The Dell XPS 12 has caught the attention of many people since it leaked last May but that could be attributable to it having one of the coolest design features we’ve ever seen on an Ultrabook. The flip-screen is impressive. But is it useful? And how good is the XPS 12 as a laptop? Read-on for the full review.
Many thanks to Ultrabook-king for their help in getting us the Dell XPS 12 for review. Our German readers might want to take a look and bookmark them.
Dell XPS 12 Review model full specs.
- Manufacturer: Dell
- Model name: XPS 12
- CPU type: Intel Core i7-3517U (Ivy Bridge, 1.9Ghz nominal)
- Graphics: Intel HD 4000
- OS: Windows 8
- Display Size: 12.5″ 1920×1024
- Screen Type: LED-Backlit LCD
- Touch Technology: 10-point Multi-touch
- Cypress Touchpad
- RAM: 8GB
- SSD: 256GB (Samsung PM830 mSATA)
- Battery capacity: 47 (Wh)
- Weight: 1520gm / 3.35lb
- Ports: 2xUSB3.0 (1xsleep and charge,) 1xMini Display Port, 1 x headset port.
- WiFi/BT4.0 – Centrino Advanced-N 6235
- Ambient light sensor, rotation sensor.
- TPM 1.2 module, No VPro, Sealed battery. No expansion ports or access covers.
First Impressions and unboxing.
You’ll find a detailed first impressions post on the site and a video review below.
External Build, Ports
Top marks to Dell! The XPS 12 is a pleasure to look at and to hold. The quality of the finishing is excellent and the materials used are of high quality. We like the rubberized finish around the Ultrabook and the fact that this continues around the keyboard.
As you may have seen, the screen rotates inside a frame to provide a tablet-like experience when needed.
The screen rotation mechanism works very smoothly.
Because of the use of a frame around the screen there’s no place to put tablet controls. As a result the controls for power-on, volume and rotation lock, controls that need to be on the outside when the Ultrabook is ‘closed’, are positioned where you usually find connectivity ports. The end result is that there isn’t much space for ports so you end up with two USB3.0 ports and a Mini Display Port. There’s no SD card slot which a real shame for photographers and videographers given the quality of the screen.
The Dell XPS 12 weighs 1.5KG / 3.35lb which, for a 12.5” Ultrabook isn’t the lightest but for the convertible category, about what should be expected at the moment.
Working Fascia (Keyboard, Screen, Mouse)
Again, Dell have done a good job here and although the screen might be the specification highlight, in terms of usability, the keyboard was the highlight for us. Reliable, comfortable, back-lit and up there with the best of the Ultrabooks that we’ve tested. The screen has wide viewing angles and good brightness and color. The touchpad gave us a few surprises with jumping pointers and movements interpreted as Windows 8 side-screen swipes. Multi-touch control seemed good.
Moving on to the screen. It’s exciting but we’re not convinced that at 12.5” Ultrabook needs a full HD screen for a few reasons. The first is that although font sizes on Windows Desktop had been enlarged, there’s still a problem with selecting things with a finger. A boost to 150% font sizes results in some ugly looking icons and fonts. The modern UI of Windows 8 apps seems to be better suited to boosting fonts but we even saw problems here. Bing news, for example, prevented the display of some articles’ second pages when in large-font mode. The second issue is one of power usage. In battery life tests we detected high power usage on 50FPS Full HD playback. Although we haven’t been able to conclusively prove it, the feeling remains that 1600×900 would be a far better all-round compromise and that the GPU has to work harder for the higher resolution.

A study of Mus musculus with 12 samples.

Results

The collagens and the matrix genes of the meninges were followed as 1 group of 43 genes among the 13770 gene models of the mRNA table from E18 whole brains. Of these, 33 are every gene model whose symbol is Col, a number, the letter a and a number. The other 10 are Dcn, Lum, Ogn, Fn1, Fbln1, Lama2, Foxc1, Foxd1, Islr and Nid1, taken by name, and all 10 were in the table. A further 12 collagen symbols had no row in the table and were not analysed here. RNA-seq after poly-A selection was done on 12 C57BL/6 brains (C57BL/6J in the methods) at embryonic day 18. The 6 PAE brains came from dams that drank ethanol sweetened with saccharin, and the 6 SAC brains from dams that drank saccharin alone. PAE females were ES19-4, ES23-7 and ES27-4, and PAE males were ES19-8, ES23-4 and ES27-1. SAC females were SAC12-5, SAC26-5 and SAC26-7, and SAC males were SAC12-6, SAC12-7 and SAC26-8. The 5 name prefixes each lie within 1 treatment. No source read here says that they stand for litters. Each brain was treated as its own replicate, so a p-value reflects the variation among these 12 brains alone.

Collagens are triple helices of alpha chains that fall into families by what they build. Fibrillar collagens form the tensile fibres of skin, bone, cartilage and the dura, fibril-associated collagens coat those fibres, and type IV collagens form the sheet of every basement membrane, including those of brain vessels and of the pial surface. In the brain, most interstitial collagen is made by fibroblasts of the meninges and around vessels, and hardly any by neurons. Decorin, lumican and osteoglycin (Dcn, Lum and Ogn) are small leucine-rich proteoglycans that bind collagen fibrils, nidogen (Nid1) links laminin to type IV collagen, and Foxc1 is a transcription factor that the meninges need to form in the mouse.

As with the Lenovo Yoga 13 the Dell XPS 13 has the same issues of weight, size and input method. The Dell XPS 12 is slightly easier to turn into tablet mode but once in that mode you won’t want to be holding it for too long. The XPS 12 stays quiet (fan off) for a bit longer than the Lenovo Yoga 13. Do make sure you bump up the fonts in both desktop and Modern UI because the defaults are a little too small for finger control. On a table-top the Dell XPS 13 is missing what we regard as an important feature – digitizer input. Without the digitizer input there’s no way to get the precise input needed for annotations, handwriting input (if wanted) or detailed editing of images, videos and other media. Without the digitizer the user is left with the Modern UI and Windows 8 apps as the best option and that (at this stage) reduces the number of usable scenarios. We enjoyed using the Dell XPS 12 in ‘easel’ mode as a display unit (great for videos and reading news over breakfast) but text input in this mode is awkward. Is tablet mode worth having? We think it adds excitement to the product and encourages people to think about different usage scenarios but for those looking to use this amount of screen real estate professionally, the digitizer needs to be added.